Campaign Finance Reform
(a/k/a: Get “Big Money” out of politics)
Big money rules politics. Citizens United and similar rulings before it, have helped clear the way for the reality where politicians like Greg Walden write and vote for legislation that appeases corporate and wealthy donors, not their constituents. These few powerful donors have a huge influence over our laws and taxation systems, just because they invest in campaigns. That’s why I will not accept donations from corporations and PACs.
Congress has the power to write laws, decide tax rates and what is or is not taxed. If you can get access to a Congressman/woman your chances of influencing him/her increases.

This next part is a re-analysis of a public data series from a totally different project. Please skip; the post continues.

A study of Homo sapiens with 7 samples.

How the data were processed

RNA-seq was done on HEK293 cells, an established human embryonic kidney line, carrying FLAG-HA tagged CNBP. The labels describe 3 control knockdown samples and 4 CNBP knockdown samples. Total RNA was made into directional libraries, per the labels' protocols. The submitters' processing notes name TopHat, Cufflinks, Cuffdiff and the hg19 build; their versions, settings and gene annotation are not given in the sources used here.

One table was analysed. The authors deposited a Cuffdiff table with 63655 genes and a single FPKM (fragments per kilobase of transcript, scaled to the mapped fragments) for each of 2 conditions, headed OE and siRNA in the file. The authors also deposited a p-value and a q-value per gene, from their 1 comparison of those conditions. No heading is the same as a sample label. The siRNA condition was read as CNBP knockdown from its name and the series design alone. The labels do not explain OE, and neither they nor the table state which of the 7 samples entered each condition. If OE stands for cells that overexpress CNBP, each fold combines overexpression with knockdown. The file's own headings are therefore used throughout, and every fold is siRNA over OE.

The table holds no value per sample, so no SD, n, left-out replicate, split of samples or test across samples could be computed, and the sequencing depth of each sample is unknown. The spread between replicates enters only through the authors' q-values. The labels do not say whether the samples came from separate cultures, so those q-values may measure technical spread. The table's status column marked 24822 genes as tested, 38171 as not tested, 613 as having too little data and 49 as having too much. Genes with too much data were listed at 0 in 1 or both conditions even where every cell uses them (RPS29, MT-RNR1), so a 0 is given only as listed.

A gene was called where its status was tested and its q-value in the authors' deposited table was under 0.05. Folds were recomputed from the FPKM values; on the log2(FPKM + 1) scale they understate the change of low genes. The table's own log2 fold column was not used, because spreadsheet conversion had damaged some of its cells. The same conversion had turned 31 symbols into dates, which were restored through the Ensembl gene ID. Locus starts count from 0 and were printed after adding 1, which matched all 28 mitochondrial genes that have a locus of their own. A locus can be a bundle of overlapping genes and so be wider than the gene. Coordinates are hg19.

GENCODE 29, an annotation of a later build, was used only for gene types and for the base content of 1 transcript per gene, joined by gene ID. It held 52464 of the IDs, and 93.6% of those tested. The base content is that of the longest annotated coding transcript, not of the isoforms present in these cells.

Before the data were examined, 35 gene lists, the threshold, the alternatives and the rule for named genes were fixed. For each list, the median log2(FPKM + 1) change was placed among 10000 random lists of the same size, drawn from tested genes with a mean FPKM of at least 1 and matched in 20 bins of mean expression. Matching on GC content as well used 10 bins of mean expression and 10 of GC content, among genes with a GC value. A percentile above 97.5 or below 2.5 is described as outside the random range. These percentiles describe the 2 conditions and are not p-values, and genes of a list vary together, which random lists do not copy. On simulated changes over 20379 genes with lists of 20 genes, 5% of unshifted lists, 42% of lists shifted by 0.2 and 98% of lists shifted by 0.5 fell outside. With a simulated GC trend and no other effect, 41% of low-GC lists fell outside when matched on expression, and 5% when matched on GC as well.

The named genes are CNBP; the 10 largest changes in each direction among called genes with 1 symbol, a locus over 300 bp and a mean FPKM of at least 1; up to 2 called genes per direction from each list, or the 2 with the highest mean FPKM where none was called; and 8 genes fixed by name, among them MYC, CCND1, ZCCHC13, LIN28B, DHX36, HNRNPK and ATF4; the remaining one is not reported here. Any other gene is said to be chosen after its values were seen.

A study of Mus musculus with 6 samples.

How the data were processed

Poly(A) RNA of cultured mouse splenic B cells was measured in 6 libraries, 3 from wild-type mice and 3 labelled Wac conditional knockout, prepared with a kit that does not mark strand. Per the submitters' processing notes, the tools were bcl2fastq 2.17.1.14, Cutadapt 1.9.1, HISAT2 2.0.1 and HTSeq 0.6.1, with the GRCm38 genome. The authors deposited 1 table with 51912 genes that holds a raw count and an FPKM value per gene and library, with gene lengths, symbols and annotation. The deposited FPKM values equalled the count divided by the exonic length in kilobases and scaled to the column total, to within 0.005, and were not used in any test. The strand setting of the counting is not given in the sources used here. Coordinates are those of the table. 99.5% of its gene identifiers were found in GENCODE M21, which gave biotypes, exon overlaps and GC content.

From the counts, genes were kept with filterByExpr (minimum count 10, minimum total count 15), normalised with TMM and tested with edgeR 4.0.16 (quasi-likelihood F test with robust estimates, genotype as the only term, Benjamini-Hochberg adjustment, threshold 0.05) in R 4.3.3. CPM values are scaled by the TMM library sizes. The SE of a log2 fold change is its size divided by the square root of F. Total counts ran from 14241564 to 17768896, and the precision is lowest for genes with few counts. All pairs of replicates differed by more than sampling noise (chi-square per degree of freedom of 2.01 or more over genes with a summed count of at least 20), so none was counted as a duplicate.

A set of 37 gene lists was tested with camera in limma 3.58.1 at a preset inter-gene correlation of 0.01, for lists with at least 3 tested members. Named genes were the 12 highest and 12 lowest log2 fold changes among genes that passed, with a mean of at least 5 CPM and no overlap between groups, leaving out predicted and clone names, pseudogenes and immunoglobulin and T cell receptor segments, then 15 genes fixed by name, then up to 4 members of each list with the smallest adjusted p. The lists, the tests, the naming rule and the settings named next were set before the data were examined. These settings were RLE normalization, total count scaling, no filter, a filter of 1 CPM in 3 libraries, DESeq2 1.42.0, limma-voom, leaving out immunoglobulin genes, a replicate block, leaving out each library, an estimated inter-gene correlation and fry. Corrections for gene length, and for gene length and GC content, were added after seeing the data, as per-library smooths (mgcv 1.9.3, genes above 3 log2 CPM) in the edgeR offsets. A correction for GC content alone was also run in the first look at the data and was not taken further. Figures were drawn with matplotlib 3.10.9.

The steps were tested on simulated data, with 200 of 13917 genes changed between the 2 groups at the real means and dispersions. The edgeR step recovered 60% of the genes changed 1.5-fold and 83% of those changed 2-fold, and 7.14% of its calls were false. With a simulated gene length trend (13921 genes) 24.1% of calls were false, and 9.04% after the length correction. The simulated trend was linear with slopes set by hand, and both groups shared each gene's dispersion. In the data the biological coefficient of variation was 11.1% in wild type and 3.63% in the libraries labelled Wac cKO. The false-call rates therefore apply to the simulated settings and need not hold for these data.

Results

Money = Access; Access = Influence; and Influence = Power
Those are three simple equations that wealthy donors, corporations and special interests know all too well. They are not stupid and they don’t make millions of dollars in campaign contributions because they are altruistic. Campaign contributions are an investment to them, just like buying stocks, bonds or real estate. The difference is that with campaign contributions their return on investment is generally, much higher. And we, the people, end up paying the true price. Here is a website that very nicely states my feelings.
This graphic from Open Secrets shows how the little amount of money the top 200 most politically active companies spend influencing the government, and how much money they get in return. The true cost however, is the great loss of our democracy.
I have written proposed legislation that would get big money out of politics, or at least neutralize it so people elected to office represent their constituents not their campaign donors. See the full legislation concept for Campaign Finance Reform here.